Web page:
A month has passed since the collapse of the Kakhovka dam in southern Ukraine caused one of the world’s most devastating environmental catastrophes of recent years. The images will live long in the memory – floodwater lapping at the rooftops of Kherson, while civilians attempting to flee their homes in rubber dinghies are targeted by Russian shelling. A video of Ukraine’s chief rabbi, Moshe Reuven Azman, diving for cover as he comes under fire from Russian snipers has been viewed more than a million times. Ukrainian officials say over 100 people died following the dam’s collapse on 6 June as the water hurtled downstream.
Today the floodwaters have receded from Kherson and water levels are almost back to normal, but what remains is a sea of mud. Residents have returned and are busy clearing the streets and attempting to renovate their homes, which emit odours of damp and mould. People say they are grateful the disaster happened at the beginning of summer, so that their homes have time to dry out before the winter. The city centre still comes under daily shelling from across the river.
The floods are yet another tragedy that the residents of Kherson have had to bear. The city has suffered more than almost anywhere else in the course of 16 months of war – occupied in the early days, the people terrorised and unable to escape, then incessantly bombarded with artillery and rocket fire from across the River Dnieper since the Russian withdrawal last November, deprived of drinking water and electricity.
Outside the city, in lower-lying areas below the dam, huge lakes remain in places where there was no water before. The floods destroyed villages, farmland and nature reserves. Crops were lost across vast swathes of farmland as the floodwater raced through, taking with it pollutants including oil and agricultural chemicals, which all gushed into the Black Sea. Further west, residents of Mykolaiv have been warned not to drink tap water, go swimming or catch fish after Cholera-like bacteria were detected in the water. Odesa’s once beautiful coastline has transformed into “a garbage dump and animal cemetery,” according to Ukrainian officials.
Of even greater concern are the regions upstream of the dam, where the vast reservoir lies almost empty, changing the entire ecosystem. Half a million people have had their drinking water supply cut off and businesses, agriculture and wildlife have all suffered a massive impact. Covering more than 2,000 square kilometres, the reservoir spanned the Kherson, Zaporizhzhia and Dnipropetrovsk districts, and was known by locals as the Kakhovka Sea because it was so big that they could not see the opposite side.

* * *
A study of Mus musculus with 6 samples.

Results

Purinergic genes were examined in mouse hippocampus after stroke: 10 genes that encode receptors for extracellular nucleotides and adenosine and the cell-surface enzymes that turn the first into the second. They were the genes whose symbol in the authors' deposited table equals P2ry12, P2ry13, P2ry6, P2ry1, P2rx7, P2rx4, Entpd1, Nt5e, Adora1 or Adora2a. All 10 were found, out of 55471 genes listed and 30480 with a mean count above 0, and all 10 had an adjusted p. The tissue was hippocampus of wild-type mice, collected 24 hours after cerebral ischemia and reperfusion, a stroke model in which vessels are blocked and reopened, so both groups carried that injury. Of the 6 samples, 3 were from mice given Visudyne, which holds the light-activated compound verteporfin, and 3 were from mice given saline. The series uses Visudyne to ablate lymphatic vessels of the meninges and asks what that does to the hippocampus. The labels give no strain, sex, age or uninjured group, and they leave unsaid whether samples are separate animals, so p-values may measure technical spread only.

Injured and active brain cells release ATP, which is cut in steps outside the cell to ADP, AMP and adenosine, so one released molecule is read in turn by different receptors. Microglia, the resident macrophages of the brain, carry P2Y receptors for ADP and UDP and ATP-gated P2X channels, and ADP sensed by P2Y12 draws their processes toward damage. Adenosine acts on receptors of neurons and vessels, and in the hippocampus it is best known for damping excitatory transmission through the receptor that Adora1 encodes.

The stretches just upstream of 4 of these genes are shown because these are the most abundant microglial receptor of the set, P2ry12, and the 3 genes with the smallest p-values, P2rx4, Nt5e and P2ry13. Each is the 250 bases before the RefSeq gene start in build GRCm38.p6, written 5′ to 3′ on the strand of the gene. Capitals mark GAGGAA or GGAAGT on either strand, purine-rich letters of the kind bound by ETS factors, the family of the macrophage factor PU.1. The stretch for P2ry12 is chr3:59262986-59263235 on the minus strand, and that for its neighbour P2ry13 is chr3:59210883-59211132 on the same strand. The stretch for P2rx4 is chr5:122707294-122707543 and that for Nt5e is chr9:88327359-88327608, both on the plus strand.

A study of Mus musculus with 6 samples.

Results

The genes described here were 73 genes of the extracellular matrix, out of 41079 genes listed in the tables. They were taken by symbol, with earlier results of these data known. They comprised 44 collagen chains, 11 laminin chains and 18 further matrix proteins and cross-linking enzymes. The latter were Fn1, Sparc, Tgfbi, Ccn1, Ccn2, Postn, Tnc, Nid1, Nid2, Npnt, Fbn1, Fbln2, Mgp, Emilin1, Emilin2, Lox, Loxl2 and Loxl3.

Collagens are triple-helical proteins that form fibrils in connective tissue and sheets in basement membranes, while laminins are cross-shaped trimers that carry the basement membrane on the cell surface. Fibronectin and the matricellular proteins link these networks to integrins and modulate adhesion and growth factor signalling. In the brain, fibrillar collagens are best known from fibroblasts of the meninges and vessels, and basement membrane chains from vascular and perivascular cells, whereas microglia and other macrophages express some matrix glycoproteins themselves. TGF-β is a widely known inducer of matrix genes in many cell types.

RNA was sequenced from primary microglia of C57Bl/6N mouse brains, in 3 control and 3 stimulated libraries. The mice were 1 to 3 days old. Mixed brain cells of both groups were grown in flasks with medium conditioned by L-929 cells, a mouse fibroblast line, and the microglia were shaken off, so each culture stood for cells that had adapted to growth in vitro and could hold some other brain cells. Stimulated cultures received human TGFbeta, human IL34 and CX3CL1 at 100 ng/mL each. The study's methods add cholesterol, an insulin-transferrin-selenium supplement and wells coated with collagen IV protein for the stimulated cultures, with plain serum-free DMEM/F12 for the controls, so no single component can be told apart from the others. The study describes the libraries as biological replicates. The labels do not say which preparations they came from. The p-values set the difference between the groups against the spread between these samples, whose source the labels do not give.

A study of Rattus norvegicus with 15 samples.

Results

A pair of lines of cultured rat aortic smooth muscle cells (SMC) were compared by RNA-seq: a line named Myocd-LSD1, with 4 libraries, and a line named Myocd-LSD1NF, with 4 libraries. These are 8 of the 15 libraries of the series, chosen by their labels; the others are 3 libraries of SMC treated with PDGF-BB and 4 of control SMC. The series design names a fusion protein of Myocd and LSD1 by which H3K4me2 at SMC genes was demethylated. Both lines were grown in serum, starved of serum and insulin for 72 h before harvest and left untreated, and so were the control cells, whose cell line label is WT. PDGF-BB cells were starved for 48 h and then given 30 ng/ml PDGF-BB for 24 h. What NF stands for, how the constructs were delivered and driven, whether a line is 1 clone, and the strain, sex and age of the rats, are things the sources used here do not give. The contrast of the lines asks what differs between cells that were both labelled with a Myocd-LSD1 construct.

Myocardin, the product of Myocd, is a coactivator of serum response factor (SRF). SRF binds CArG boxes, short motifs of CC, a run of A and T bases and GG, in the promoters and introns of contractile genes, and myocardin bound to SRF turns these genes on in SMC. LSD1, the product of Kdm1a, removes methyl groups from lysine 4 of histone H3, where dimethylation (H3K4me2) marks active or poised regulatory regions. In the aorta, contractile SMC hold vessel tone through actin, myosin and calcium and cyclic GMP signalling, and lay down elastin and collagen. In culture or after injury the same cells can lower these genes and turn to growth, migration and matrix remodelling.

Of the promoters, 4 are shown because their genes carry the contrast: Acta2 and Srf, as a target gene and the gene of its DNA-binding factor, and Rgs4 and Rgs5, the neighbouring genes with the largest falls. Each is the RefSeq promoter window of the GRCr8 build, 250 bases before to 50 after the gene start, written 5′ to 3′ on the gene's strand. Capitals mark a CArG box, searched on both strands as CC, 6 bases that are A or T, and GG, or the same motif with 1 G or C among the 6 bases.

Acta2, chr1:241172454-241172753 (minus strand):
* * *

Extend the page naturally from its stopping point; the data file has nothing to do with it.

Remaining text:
Ukrainian president Volodymyr Zelensky described the dam’s collapse as “an environmental bomb of mass destruction”. Kyiv and Moscow have blamed each other for the dam’s destruction. Ukraine is investigating the event as a war crime and possible ecocide, and estimates the cost of remedying the destruction at 1.2 billion euros.
Preliminary findings from a team of international legal experts working with the Ukrainian prosecutors indicate that it was “highly likely” that the dam’s collapse was triggered by explosives planted by the Russians. Evidence documented by the New York Times also suggests that an explosion in the dam’s concrete base detonated by Russia is the likely cause. The Soviet-era dam has been under Russian control since the early stages of the war last year.
Russia’s motivations for such an attack are manifold. Not only would it disrupt and potentially stall Ukraine’s advances and undermine the narrative of its counter-offensive, but also cut hydroelectric power and water supplies, divert resources and potentially help erode the will of the Ukrainian people to resist. But Russia accuses Kyiv of sabotaging the hydroelectric dam to cut off a key water source for Crimea and detract attention from the slow progress of the counter-offensive.
Last week, Swedish eco-activist Greta Thunberg was in Ukraine to meet Zelensky and other members of a new environmental group tasked with assessing the environmental damage resulting from the war. She reiterated Ukraine’s use of the word ‘ecocide’ to describe the ecological disaster brought about by the collapse of the dam. But the flooding is not the only environmental impact of the war. About 30 percent of Ukraine’s territory is contaminated with landmines and explosives, and more than 2.4 million hectares of forests have been damaged, Ukraine’s prosecutor general Andriy Kostin says.
There has been a long-running battle to get large-scale environmental destruction recognised as an international crime that can be prosecuted at the International Criminal Court (ICC) and the unfolding ecological disaster in Ukraine may bring that a step closer. In 2021 a panel of experts that included the lawyer and author Philippe Sands drafted legislation – yet to be adopted – to enable the ICC to prosecute ecocide, in addition to its existing remit of genocide, crimes against humanity, war crimes and the crime of aggression. A team from the ICC has visited the area affected by the flooding to investigate.
Keeping stories alive
This blog aims to discuss historical events relating to the Jewish communities of Ukraine, and of Eastern Europe more widely. As a storyteller, I hope to keep alive stories of the past and remember those who told or experienced them. Like so many others, I am deeply troubled by the war in Ukraine and for the foreseeable future, most articles published here will focus on the war, with an emphasis on parallels with other tumultuous periods in Ukraine's tragic history.